Evidence for a legal case can come in a variety of forms—emails, electronic and physical documents, photos, etc.—all of which can be used to prove or disprove the allegations in a case. These days, the average person keeps much of that information online, including posting on social media, which is why more and more cases are bringing posts from Facebook, Twitter, and other platforms into the evidence mix. In fact, 52% of lawyers have reported an increase in lawsuits related to social media in the past two years, according to a Robert Half survey.
Because social media is such an everyday part of people’s lives, both personally and professionally, it can be easy to forget that the content is there for almost anyone to see. But it is. And it can be a big factor in litigation, especially if disputing medical malpractice or insurance claims. People may post photos or information that is contrary to what’s presented in their lawsuit or investigation and incriminating themselves. They may see it as purely social interaction, but it can hold much more weight, and this evidence can’t be ignored.
Here are a few common questions surrounding social media and its role in e-discovery.
Pretty much anything posted publicly on a social media channel is fair game. According to an article from the American Bar Association, “social media evidence must pass the same barriers as other types of trial evidence: relevance, authentication, and Rule 403, among others.” That means it is viewed similarly to more common file types, like emails or Word documents.
The best way to get to social media data is to have direct access to the account. That means getting login information from the person(s) involved, which may or may not be provided voluntarily. Courts have been known to compel access to social media sites, such as in Forman v. Henkin or McMillen v. Hummingbird Speedway.
In other cases, it comes down to good old investigative work to find the information you’re looking for. Although privacy settings can keep users from outside a person’s network from seeing the content, sometimes there are other ways to gather evidence, such as through a friend or family member’s account. For example, someone may claim he hurt his leg while on the job and that he can’t walk, but another account may show him in a photo of a group that just completed a hiking trail. Regardless of how the social media evidence is found, it can make a big difference in a legal matter, such as in the case of Commonwealth v. Foster when the court ruled that photos of guns, drugs, and other paraphernalia posted on Foster’s social media were in violation of his probation, resulting in 11-23 more months in prison followed by seven years of probation.
What expertise is needed?
Simply put, you’ll need to find the right team that can get the evidence you’re looking for. Each new social platform comes with its own set of rules and procedures, so it’s important for attorneys to choose an investigative team that understands what’s permissible and what isn’t and that works within the law and the access granted by the platform and individuals.
The ideal group should include certified forensic examiners, private investigators and e-discovery professionals who have experience finding, analyzing, and validating social media evidence. This type of diverse team can work together to ensure that the data discovered and collected is forensic and defensible, that analysis and further investigation are handled completely and accurately, and that files are preserved correctly and securely. Working with this kind of team also ensures you have expert witnesses, in case you need them to speak to their findings in court.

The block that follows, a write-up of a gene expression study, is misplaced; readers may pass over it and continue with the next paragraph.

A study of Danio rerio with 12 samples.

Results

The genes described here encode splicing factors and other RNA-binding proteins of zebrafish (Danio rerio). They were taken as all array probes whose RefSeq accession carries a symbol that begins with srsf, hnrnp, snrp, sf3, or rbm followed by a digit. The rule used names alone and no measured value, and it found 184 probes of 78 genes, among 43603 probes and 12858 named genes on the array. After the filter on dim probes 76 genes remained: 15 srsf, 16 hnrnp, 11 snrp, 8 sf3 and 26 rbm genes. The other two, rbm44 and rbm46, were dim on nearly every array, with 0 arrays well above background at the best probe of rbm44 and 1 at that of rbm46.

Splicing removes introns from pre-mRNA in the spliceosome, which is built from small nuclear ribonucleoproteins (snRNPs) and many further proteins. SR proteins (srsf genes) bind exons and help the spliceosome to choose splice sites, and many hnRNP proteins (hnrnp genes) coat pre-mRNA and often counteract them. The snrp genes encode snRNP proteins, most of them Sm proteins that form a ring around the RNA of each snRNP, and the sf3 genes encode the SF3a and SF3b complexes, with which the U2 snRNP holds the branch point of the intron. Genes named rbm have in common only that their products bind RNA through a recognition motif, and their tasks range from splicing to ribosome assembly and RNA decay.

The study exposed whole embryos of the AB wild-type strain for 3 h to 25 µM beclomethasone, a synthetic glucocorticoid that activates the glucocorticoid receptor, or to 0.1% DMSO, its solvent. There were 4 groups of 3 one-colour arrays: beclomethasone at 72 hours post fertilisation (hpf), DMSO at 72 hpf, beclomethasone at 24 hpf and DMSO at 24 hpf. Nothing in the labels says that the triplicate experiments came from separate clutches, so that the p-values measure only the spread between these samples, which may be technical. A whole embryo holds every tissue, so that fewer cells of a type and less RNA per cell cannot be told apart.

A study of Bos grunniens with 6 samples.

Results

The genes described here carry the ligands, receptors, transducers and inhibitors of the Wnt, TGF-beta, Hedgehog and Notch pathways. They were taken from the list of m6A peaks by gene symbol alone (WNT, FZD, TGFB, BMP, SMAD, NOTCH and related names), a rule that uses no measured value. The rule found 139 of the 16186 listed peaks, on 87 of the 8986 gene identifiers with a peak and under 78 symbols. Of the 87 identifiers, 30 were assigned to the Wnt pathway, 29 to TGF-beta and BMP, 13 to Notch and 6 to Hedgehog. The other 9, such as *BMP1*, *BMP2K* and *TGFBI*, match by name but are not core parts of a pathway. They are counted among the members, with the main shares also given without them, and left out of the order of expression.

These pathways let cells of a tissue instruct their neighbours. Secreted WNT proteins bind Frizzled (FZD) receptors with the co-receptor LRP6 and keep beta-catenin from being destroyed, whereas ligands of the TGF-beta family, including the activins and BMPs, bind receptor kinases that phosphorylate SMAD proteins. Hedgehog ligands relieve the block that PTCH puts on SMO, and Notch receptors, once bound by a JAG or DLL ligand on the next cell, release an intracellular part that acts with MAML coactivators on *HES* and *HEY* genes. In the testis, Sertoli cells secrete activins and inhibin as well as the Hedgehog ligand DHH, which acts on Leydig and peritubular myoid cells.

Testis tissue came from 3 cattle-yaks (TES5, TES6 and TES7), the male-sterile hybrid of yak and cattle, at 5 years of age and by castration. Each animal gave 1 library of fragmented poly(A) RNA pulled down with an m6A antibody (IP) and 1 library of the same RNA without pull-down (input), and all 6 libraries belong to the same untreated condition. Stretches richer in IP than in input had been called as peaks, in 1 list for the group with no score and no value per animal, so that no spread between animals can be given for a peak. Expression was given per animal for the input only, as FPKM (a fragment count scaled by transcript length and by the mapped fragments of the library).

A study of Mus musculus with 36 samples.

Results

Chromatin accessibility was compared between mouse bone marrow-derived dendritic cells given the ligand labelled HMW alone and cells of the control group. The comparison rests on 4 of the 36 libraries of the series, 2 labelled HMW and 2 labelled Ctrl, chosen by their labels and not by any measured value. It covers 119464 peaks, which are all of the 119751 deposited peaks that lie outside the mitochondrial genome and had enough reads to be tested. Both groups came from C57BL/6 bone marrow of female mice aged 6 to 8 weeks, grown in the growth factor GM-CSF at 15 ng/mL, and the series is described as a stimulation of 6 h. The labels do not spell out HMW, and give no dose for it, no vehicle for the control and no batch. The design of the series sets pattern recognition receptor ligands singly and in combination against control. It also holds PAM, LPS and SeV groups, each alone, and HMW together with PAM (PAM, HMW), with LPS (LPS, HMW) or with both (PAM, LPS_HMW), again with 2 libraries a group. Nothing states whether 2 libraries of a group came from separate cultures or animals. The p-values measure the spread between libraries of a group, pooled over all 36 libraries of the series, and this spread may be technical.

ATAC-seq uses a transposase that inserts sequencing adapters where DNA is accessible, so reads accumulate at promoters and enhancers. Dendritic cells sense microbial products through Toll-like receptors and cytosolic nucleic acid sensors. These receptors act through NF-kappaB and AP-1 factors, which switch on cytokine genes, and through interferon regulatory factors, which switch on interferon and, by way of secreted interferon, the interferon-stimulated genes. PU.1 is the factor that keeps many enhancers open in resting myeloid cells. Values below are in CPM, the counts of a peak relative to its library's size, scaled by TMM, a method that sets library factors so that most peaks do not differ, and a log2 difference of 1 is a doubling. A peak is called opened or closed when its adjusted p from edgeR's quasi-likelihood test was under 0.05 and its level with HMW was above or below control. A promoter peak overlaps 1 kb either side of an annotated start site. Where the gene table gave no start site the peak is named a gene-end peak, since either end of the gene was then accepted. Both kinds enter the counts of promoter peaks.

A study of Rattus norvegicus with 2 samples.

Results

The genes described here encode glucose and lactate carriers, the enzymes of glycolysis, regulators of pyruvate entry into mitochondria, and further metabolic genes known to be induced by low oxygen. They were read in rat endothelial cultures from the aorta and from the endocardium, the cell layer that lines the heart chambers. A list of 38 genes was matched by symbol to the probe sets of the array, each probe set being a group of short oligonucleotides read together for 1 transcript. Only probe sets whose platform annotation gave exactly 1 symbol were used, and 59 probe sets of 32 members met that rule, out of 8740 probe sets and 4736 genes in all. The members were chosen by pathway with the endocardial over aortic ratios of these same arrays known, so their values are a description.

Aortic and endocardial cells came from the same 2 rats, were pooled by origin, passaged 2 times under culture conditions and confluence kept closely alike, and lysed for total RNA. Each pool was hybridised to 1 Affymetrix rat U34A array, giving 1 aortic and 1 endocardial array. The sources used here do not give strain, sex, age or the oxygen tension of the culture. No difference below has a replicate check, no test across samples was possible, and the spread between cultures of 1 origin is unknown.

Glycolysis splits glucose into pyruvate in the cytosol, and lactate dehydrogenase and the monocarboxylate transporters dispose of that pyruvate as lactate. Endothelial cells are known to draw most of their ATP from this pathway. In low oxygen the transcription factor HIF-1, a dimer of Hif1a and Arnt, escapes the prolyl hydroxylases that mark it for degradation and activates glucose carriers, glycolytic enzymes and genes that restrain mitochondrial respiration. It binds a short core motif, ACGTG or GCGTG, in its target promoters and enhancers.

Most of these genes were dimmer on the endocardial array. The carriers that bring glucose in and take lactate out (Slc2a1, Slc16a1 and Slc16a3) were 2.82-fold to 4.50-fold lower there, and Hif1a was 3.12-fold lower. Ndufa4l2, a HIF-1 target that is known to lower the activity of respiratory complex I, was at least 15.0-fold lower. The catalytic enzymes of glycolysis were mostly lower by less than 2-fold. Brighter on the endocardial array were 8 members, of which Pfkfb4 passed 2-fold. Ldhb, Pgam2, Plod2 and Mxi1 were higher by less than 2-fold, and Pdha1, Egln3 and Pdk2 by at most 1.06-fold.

How does social media discovery work?
Using forensic and investigative protocols and best practices, data is searched for, collected, and indexed from social media streams, linked content and websites, application program interfaces (APIs), as well as webmail connectors and direct web navigation. Then every file is authenticated and assigned a hash value, which provides an additional level of security to ensure that no one has tampered with the data.
Throughout the process, your team should log all actions and generate reports. When the relevant data has been located, it can be loaded into a typical legal review platform, allowing counsel the opportunity to search, sort, and tag the data similar to any other legal case. It can also be produced as needed for court.
How has social media discovery been used?
Here is a quick breakdown of two cases where social media discovery played an important role.
“The Lying Lifeguard”
In this workers’ compensation claim, a college-age lifeguard cut her Achilles tendon at work on a pipe at the pool. She claimed she had gone through a lot of pain and suffering and was unable to enjoy life. However, forensic experts and private investigators found her social media, which linked to her blog. The blog not only showed photos of her with healthy feet but also that she was taking exotic vacations to locations like Bali and Australia and climbing waterfalls. She was clearly not as impaired as she claimed.
“The Bogus Birth Injury”
Parents of a third grader claimed medical malpractice when their child allegedly suffered injuries at birth. They claimed the child had never been mobile or athletic and was unable to enjoy the same activities as other children. But according to discovered social media posts, the child grew up attending football and soccer camps and was able to run the 100-yard dash as fast as an eighth grader.
Because of social media discovery, these people were caught in the act of committing fraud. Online channels can be gold mines for finding evidence, and social media is becoming a common piece of the data collected for investigations and litigation. With that, it’s important to understand the process and to have the right team in place to help you find what you need.